Each approach has its strengths and weaknesses even in the face of cloud centricity. Is there a one-size-fits-all solution?
Since the days of on-premises infrastructure, identity access management (IAM) in local networks and servers has been the most common approach, given that storing sensitive information and data onsite offers organizations a sense of increased security.
However, as cloud technologies mature and digital transformation via cloud computing becomes the ‘next big thing’, IT administrators and leaders now have to rethink how they manage identity authentication, authorization and access.
While it is true that cloud technologies offer many advantages over on-prem—such as flexibility, scalability and agility—is a cloud IAM a one-size-fits-all solution?
More importantly, does the rise of cloud digitalization mean on-prem IAM is no longer relevant? The answer may not be so straightforward.
Cloud IAM vs on-prem IAM
Every IAM deployment is unique, with each approach bringing its strengths and challenges.
Many organizations maintain that cloud solutions are more cost-effective than their on-prem counterpart, attributing it to the flexibility of only paying for what they use and peace of mind from not worrying about costly maintenance or hardware.
This is true to some extent, but organizations need to consider the following caveats:
- public cloud providers charge a fee each time data is moved in and out of the cloud, and such costs can stack up quickly. On-prem solutions may then be a better option if the organization does not have massive amounts of data to deal with, or if scaling is not part of their business goals yet.
- In terms of extensibility and scalability, cloud solutions have the edge over on-prem. Organizations on a cloud IAM system can support larger volumes of end users and activity from multiple locations and have the flexibility to scale data requirements up or down according to changing business requirements, maximizing resource management and cost-efficiency. By working with a managed services provider (MSP) to provide cloud IAM solutions, organizations can leverage their MSP’s industry knowledge and expertise to achieve greater levels of regulatory compliance, and free up resources to focus on their core business.
- On-prem IAM solutions have their own strengths: While migration to the cloud can be a tedious and time-consuming endeavor fraught with latency issues and cloud outage risks, hosting data on servers that are closer to end users or even designing them to run locally on end user devices removes the unpredictability from the equation and circumvents the latency issues.
The final caveat is that the global shift towards hybrid working has contributed to factors that justify the adoption of cloud-based IAM solutions. From employees connecting to the organizational network through outdated or insecure home devices, to the inability of having IT teams going into the office to fix technical issues on data centers, organizations can no longer get away with simply having on-prem systems.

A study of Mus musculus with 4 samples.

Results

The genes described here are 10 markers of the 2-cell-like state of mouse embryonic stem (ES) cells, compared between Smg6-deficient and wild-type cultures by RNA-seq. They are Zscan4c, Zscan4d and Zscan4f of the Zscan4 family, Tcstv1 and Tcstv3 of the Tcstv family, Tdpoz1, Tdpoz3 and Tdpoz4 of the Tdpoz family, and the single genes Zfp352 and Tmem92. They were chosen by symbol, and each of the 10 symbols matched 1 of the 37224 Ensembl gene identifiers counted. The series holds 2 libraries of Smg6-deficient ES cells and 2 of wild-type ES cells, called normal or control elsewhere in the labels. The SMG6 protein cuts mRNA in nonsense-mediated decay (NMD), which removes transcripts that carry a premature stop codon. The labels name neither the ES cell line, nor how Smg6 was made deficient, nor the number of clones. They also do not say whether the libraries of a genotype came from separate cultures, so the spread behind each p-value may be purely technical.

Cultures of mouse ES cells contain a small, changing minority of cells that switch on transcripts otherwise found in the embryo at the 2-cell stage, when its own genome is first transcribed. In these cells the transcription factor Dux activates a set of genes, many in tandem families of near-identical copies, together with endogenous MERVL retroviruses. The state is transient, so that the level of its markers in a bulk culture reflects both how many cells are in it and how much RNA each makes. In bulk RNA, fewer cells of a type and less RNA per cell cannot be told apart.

What about hybrid solutions?
With the different strengths and weaknesses of the two different approaches to IAM, would a mix of approaches—hybrid IAM solution—help organizations achieve the best of both worlds? Here are some considerations:
- A mix of on-prem and cloud IAM solutions can be less expensive and resource-intensive than going full private cloud. Having both control and access across cloud and on-prem applications creates an integrated IT environment that allows data to be shared between on-prem systems and those maintained in the cloud. More importantly, it also helps organizations bridge the gap between on-prem and cloud paradigms, providing them with the scalability and features of a cloud environment while maintaining an on-prem footprint that many enterprise security departments are more comfortable with.
- Also, not all cloud providers are created equal. Adopting a ‘mix-and-match’ approach (more commonly known as multi-cloud approach), can allow organizations to take advantage of specific services that each provider is known for.
Ultimately, when it comes to choosing the infrastructure for IAM deployment there is no one-size-fits-all solution. It all comes down to the requirements and objectives of the organization for a solution to work. Costs and flexibility aside, the solution’s ability to support different devices and various authentication methods must be weighed as it can greatly influence the scalability of the business.
As technology continues to advance and adapting becomes a necessity, organizations must carefully weigh out the various pros and cons against their business goals in the decision-making process to achieve their maximum digital potential.